Thursday 16 February 2023

U.S. Official Calls On Lizzo To Help Teach ‘#BlackGirlMagic’ To Afghan Women Subjugated By The Taliban


On Wednesday, the United States Chargé d’Affaires Karen B. Decker posed what might be the greatest question of our time, and the response to it could hold the answer to peace in the Middle East.

“Are Afghans familiar with #BlackGirlMagic and the movement it inspired?” the woman who “specializes in conflict resolution and crisis management” in Afghanistan on behalf of the State Department tweeted. “Do Afghan girls need a similar movement? What about Afghan Women? Teach me, ready to learn. @Beyonce @lizzo @ReginaKing.”

The obvious answer is that, no, Afghans are not familiar with “#BlackGirlMagic.” Most people probably are not. A cursory glance shows that the hashtag was popularized in 2016 as part of a global effort to promote positivity amongst black females.

“We’re using it to celebrate ourselves because historically black women haven’t had the type of support that other groups have,” Cashawn Thompson, a caregiver from Washington, D.C., told the BBC at the time. “Black Girl Magic tries to counteract the negativity that we sometimes hold within ourselves and is sometimes placed on us by the outside world.”

The phrase has since been shared hundreds of thousands of times across social media.

On Wednesday, when this author clicked on the hashtag for more detail, the top result was a video of a curvaceous black woman bending on all fours on the ground, posing in suggestive manners while looking at the camera. The user who shared that tweet observed, “The hips spread out when she takes backshots #BlackGirlMagic.” 

Admittedly, this author has no idea what that means, but it isn’t tough to guess that it is about something pornographic. In the words of Supreme Court Justice Potter Stewart, “You know it when you see it.” Needless to say, that post in question will not be shared.

It is probably safe to assume that is not what Decker envisioned in Afghanistan. Instead, it seems likely that she is inquiring about how to start a new hashtag movement to support the women facing ultimate oppression under Islamic Extremist totalitarians.

In reaction to Decker’s idea, the conservative writer and editor Christoper Bedford bluntly observed, “We are not a serious country.”

Popular Twitter user @ComfortablySmug tweeted, “We are ruled by administrative class paper pushers like this, who think every problem can be solved by listening to a Beyonce song.”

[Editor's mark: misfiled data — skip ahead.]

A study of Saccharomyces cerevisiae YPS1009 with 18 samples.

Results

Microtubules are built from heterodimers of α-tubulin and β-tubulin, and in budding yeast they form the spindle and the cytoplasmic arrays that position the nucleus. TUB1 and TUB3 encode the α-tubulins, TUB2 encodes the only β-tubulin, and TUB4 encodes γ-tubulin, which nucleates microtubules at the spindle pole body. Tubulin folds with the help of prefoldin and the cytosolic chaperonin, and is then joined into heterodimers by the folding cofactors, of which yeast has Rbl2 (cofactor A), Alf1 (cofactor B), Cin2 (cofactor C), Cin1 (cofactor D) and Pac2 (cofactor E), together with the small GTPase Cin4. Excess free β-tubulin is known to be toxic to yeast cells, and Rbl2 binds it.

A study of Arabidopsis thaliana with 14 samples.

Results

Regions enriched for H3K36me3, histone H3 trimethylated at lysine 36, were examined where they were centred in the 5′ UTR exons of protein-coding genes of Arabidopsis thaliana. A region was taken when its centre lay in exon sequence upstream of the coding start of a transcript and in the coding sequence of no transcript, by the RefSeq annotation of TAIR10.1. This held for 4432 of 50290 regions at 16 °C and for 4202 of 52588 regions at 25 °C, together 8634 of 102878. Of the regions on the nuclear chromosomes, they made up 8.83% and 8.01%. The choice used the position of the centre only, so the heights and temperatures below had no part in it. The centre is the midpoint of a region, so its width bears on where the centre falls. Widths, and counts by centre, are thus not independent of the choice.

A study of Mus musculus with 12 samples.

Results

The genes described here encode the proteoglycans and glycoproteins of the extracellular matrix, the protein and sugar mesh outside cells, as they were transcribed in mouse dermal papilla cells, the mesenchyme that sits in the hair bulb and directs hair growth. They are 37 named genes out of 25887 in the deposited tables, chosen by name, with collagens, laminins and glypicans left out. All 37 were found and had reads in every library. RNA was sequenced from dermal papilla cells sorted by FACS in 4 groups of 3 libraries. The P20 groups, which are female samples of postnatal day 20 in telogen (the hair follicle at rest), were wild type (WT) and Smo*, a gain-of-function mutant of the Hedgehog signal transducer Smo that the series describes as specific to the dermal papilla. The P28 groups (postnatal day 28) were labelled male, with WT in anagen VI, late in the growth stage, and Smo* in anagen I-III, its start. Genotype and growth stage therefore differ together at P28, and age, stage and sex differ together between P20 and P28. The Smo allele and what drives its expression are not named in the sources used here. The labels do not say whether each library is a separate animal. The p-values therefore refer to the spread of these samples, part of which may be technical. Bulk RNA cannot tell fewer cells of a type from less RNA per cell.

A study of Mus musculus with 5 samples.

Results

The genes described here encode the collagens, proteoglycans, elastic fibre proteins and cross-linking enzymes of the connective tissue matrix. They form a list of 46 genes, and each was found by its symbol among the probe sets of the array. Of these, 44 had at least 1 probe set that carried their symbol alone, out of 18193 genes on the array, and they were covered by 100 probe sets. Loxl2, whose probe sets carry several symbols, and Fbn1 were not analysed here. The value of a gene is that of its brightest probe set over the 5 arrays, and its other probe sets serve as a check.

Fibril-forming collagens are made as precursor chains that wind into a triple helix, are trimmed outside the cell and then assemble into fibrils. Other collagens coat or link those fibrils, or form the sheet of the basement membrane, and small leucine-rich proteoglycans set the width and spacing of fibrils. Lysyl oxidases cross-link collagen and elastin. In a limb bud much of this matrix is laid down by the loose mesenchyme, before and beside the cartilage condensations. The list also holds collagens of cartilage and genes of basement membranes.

“Is it a mystery why the Taliban took Afghanistan in a week? Or why China sends balloons over America? Because their opponent is literally a Karen,” he added.

Indeed, since the Taliban took over the country in less than three days after Biden botched U.S. troop withdrawal, women have faced a living hell.

In early January, The Daily Wire reported that the terror group has enacted a series of strict laws, especially restricting women’s freedom. In December, Taliban leaders banned women from attending universities in the country. Women are also under other strict regulations, such as a rule banning them from traveling outside their homes without a male guardian.

At the time, State Department spokesman Ned Price told the media, “We are working with our partners throughout the government and also with like-minded partners around the world to devise an appropriate set of consequences that register our condemnation for this outrageous edict on the part of the Taliban, while also protecting our status as the world’s leading humanitarian provider for the people of Afghanistan.”

It now seems the big solution might be a hashtag. What doesn’t really make sense is calling on Lizzo for this job. The larger-than-life singer has claimed she is oppressed in America as a female. So what would her message be to women who actually have no freedoms?

One should hope we never find out and that the U.S. government creates a better solution than #BlackGirlMagic for the situation at hand.